President-elect Joe Biden returned to Georgia on Monday to help boost Democratic Senate candidates Jon Ossoff and Raphael Warnock a day before voters determine if the new administration’s agenda will have an easier time getting through Congress.
The Peach State runoffs mark the end of the tumultuous 2020 election cycle, which continues to be pilloried by President Donald Trump, who has alleged without evidence that widespread voter fraud caused his November loss.
“You voted in records numbers in November and we won, three times here with each recount,” Biden told Atlanta voters during a drive-in rally on Monday, mocking Trump’s repeated legal challenges over the outcome. “Now we need you to vote again in record numbers.”
Biden came to the state’s most populous city a day after Vice President-elect Kamala Harris swooped through Savannah, another area where Democrats saw high turnout in winning the presidential race two months prior.
Trump is also making a stop in northern Georgia on Monday to help boost Republican Sens. Kelly Loeffler and David Perdue. The dueling visits underscore the importance of the election to both parties; the results will either energize or stall the Biden administration’s agenda in Congress.
Fifty Republican senators were sworn into the 117th Congress this week along with 48 senators who will caucus with the Democrats. If both Ossoff and Warnock prevail Tuesday, the Senate is tied at 50-50 and Harris would be the tie-breaking vote as president of the Senate.
Biden said a win by both Democrats would make it easier for the incoming administration’s priorities to get done around health care, climate change and other issues.
Specifically, the president-elect said, the Senate being Democratic hands would make COVID-19 vaccine plans and other relief legislation, such as funding for state and local government, easier to pass.
One immediate result voters would notice if Ossoff and Warnock win would be higher direct payments to individuals and families in economic distress due to the coronavirus, Biden said.
“Their election will put an end to the block in Washington on that $2,000 stimulus check,” he said. “That money will go out the door immediately to people who are in trouble.”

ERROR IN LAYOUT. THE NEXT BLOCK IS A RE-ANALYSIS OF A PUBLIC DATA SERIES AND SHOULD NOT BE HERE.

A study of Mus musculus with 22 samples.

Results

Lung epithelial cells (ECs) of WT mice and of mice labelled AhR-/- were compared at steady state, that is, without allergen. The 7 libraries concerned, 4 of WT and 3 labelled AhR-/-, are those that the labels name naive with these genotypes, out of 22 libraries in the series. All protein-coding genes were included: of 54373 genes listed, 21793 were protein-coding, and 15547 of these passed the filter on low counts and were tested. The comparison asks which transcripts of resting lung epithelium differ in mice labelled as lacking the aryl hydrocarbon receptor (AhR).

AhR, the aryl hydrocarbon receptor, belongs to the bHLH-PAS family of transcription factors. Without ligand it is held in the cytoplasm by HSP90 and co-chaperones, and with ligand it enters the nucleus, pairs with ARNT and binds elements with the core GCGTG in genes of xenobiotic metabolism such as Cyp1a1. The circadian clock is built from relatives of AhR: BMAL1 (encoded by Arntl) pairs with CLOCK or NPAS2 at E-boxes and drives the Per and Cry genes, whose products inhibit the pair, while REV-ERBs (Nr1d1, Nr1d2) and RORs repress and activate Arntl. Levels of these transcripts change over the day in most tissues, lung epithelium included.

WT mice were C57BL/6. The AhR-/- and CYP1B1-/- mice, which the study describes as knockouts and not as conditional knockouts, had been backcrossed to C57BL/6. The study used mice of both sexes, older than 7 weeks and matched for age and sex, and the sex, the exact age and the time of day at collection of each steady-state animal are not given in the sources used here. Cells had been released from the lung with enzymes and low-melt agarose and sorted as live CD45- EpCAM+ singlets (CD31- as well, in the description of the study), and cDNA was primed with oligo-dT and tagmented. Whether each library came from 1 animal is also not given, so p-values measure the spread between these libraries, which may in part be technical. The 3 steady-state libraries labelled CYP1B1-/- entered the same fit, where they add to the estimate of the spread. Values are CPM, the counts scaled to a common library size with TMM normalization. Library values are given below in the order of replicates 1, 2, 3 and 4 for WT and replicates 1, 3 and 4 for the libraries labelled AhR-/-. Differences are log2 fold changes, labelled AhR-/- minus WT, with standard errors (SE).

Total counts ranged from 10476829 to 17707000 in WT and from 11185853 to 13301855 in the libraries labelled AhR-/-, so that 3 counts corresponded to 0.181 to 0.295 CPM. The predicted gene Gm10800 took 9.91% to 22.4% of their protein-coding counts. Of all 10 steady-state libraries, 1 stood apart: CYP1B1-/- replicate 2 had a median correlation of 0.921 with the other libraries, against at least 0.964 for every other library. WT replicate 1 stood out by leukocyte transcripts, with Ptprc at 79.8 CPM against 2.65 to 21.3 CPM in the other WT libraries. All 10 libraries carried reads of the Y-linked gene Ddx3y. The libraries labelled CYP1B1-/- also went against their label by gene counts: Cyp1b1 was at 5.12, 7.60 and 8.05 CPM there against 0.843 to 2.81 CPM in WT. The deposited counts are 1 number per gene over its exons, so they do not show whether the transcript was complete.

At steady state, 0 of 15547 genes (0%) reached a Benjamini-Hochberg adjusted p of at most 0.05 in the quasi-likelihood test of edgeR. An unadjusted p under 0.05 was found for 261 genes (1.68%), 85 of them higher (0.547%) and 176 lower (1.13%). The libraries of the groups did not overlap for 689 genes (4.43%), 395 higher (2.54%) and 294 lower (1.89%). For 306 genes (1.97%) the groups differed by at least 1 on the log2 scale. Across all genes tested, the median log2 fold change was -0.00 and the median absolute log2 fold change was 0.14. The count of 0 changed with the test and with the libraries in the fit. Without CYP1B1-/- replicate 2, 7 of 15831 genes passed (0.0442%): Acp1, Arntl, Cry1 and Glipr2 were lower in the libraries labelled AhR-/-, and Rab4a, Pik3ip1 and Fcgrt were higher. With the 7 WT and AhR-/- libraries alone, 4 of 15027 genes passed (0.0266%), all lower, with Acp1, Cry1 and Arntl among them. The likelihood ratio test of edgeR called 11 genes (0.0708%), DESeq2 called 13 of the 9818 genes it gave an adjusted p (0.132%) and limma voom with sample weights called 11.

If either Democrat challenger loses, however, Senate Majority Mitch McConnell, R-Ky., retains control of the upper chamber of Congress.
Much has been said about Biden and McConnell’s past working relationship, but Democrats say it would be far better for their progressive agenda to get the Senate out of GOP hands.
“If Mitch McConnell and the Republicans hold onto the Senate they will try to do to Joe and Kamala exactly like they tried to do to President (Barack) Obama,” Ossoff told the crowd Monday ahead of Biden’s appearance. “We have too much good work to do for things to be ground to a halt in our nation’s capital.”
Biden’s surprising presidential win in Georgia came after decades of Republican control of the state. Georgia hasn’t nominated a Democrat to the Senate in 20 years.
As a result of the president’s unexpected loss in the state, Trump has had sharp exchanges with Georgia’s top Republican state officials, including a controversial phone call with Secretary of State Brad Raffensperger where the president pressured the official to “find” more votes to change the outcome.
Trump hammered Raffensperger, saying on Sunday how the GOP secretary of state was, “unwilling, or unable,” to answer questions about various unfounded claims of widespread voter fraud.
“He has no clue!” Trump tweeted.
“Respectfully, President Trump: What you’re saying is not true,” Raffensperger responded. “The truth will come out,”
Biden made no direct reference to Trump’s call with state election officials during Monday’s rally, but he did criticize Perdue and Loeffler for failing to speak out more forcefully against the president’s actions.
“You have two senators who think their loyalty is to Trump, not to Georgia. You have two senators who think they’ve sworn an oath to Donald Trump, not the the U.S. Constitution,” Biden said.